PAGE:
My credit score went down 58 points due to a medical collection account that got reported.

I ended up paying the account in full and submitting a request for it to be removed from my credit report.

The account was removed. My credit reports no longer show any collection accounts, but my score only went back up 20 points.

There aren’t any other factors that I know of that could have caused my score to decrease during the time before I had paid, such as an increase in revolving balances.

At the same time that my score dropped 58 points with credit monitoring services, those services also alerted that I had a collections account added to my report, so I know they were correlated to each other.

What could be the cause of this?

  • 1
    It doesn't work that way, if you are in arrears and reported, paying in full does not wipe it off your credit report. You were still late, and they have every right to continue reporting it as having been paid late... unless you negotiated "remove bad marks" as part of the settlement. Dec 26, 2021 at 0:38
  • So I submitted a written request to the collection agency to stop reporting to the credit bureaus so that the account would be removed and it looks like that’s what happened. I don’t see that account anywhere on my report anymore and don’t see any derogatory marks from them in regards to payments either. Dec 26, 2021 at 6:50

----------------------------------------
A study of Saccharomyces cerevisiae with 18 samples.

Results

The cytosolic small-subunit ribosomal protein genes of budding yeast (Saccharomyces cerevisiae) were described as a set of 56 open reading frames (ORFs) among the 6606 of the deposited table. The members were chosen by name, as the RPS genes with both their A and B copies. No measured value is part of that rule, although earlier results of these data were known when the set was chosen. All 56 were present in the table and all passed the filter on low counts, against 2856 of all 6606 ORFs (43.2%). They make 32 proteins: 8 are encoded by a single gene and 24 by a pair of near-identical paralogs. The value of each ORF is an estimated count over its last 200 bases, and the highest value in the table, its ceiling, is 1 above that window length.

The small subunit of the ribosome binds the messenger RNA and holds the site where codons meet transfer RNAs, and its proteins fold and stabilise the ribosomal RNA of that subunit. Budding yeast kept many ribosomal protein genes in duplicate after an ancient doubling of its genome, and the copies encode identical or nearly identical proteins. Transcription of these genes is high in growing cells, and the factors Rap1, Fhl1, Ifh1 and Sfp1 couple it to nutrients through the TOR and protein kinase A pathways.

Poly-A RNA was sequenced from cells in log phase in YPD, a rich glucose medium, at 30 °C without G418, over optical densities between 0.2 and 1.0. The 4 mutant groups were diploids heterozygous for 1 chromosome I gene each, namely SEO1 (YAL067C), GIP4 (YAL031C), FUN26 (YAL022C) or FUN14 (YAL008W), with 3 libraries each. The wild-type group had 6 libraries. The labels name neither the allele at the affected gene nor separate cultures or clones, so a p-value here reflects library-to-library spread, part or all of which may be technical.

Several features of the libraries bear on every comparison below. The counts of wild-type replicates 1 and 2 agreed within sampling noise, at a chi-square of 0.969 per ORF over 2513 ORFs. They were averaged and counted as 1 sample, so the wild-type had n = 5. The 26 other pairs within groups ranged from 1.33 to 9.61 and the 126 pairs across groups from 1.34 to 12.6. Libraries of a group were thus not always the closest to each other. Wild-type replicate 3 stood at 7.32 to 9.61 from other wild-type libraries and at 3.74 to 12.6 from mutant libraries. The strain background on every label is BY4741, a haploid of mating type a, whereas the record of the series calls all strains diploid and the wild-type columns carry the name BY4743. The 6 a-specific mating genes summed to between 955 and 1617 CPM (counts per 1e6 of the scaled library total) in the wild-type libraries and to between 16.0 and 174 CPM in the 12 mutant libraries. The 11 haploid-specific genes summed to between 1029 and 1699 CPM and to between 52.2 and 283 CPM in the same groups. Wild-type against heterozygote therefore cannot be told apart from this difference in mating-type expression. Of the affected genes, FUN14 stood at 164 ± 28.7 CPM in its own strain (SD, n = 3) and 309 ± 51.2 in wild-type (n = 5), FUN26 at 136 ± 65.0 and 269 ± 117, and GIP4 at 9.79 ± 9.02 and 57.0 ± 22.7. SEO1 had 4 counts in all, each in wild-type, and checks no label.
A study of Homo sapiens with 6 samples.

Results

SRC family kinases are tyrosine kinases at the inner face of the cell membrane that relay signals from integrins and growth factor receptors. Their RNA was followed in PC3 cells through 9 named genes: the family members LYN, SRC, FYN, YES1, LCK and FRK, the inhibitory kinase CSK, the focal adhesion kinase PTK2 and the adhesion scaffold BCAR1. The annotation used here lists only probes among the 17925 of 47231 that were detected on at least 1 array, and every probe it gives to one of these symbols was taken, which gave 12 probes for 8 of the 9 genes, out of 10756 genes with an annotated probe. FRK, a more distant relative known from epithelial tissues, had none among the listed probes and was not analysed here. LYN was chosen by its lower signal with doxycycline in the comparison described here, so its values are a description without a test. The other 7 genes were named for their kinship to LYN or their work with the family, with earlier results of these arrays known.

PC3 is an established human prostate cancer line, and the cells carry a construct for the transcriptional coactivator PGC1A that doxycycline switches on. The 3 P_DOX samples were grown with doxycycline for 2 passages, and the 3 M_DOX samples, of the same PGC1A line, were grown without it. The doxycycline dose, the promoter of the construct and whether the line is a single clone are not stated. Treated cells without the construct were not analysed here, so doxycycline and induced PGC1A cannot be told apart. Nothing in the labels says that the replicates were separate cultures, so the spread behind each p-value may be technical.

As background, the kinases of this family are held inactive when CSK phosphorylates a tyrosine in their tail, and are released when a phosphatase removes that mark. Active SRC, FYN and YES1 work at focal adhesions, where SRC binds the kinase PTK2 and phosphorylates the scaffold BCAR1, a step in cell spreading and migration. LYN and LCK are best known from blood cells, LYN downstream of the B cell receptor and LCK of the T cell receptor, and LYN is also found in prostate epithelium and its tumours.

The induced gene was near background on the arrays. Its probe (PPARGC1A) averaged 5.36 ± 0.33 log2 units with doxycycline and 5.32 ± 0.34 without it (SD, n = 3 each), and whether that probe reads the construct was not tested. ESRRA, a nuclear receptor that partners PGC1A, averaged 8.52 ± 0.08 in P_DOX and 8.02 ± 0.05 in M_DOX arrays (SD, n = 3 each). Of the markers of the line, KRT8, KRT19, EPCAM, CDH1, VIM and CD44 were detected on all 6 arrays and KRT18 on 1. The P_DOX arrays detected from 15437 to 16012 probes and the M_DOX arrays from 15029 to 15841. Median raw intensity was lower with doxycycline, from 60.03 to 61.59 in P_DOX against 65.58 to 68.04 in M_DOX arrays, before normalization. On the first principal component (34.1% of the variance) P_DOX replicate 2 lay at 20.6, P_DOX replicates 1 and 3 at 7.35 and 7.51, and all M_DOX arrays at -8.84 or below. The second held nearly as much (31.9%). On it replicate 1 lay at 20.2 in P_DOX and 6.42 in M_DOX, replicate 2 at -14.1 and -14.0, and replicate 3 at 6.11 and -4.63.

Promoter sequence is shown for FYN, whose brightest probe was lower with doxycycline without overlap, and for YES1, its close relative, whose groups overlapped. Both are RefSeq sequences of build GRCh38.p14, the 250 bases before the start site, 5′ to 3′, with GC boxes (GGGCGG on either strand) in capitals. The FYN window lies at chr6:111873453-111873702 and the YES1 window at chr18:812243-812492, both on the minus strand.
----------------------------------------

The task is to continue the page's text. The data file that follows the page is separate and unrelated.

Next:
1 Answer 1


You can't expect that just because something being added to your credit report causes it to dip will mean it automatically rises by an equal amount when that item is expunged from the report. First and foremost is the assumption that nothing else changed in the meantime, and it also assumes you understand how the credit scoring models work (not meant as an insult, just the observation that most people don't know how the scoring models work in general).

"Pay to remove" certainly helps when resolving collections, but the upside improvement after a collection is removed is frequently much less than peoplpe think it should be, for a variety of reasons which have to do with how the bureaus score credit.

If your credit utilization rose from what it was before then that could cause a more shallow recovery of your score, and the same is true if you opened any new accounts or closed any older ones (affecting average age of accounts). Did you have any new inquiries, any late pays, changes in address or employment? All of these can have some impact on your score. Lastly, if you have what's referred to as a "thin file" score, meaning you don't have a great deal of history, ANY event in your credit profile will have significantly more effect than people with longer, more established credit histories.

Even though most of the mechanisms affecting your score are well known, there are others that aren't precisely because the agencies want to keep the proprietary nature of their scoring models from being gamed any more than possible.

Also keep in mind that if you're using services like CreditKarma or Credit Sesame, those scores are what are referred to "consumer education scores" and may not reflect the precise score of your file.

Finally, there are changes coming to the scoring models, allegedly early in 2022, which are going to have consequences to credit scores because they will use additional non-credit related factors in the scoring algos that might be a boost for people with less credit history.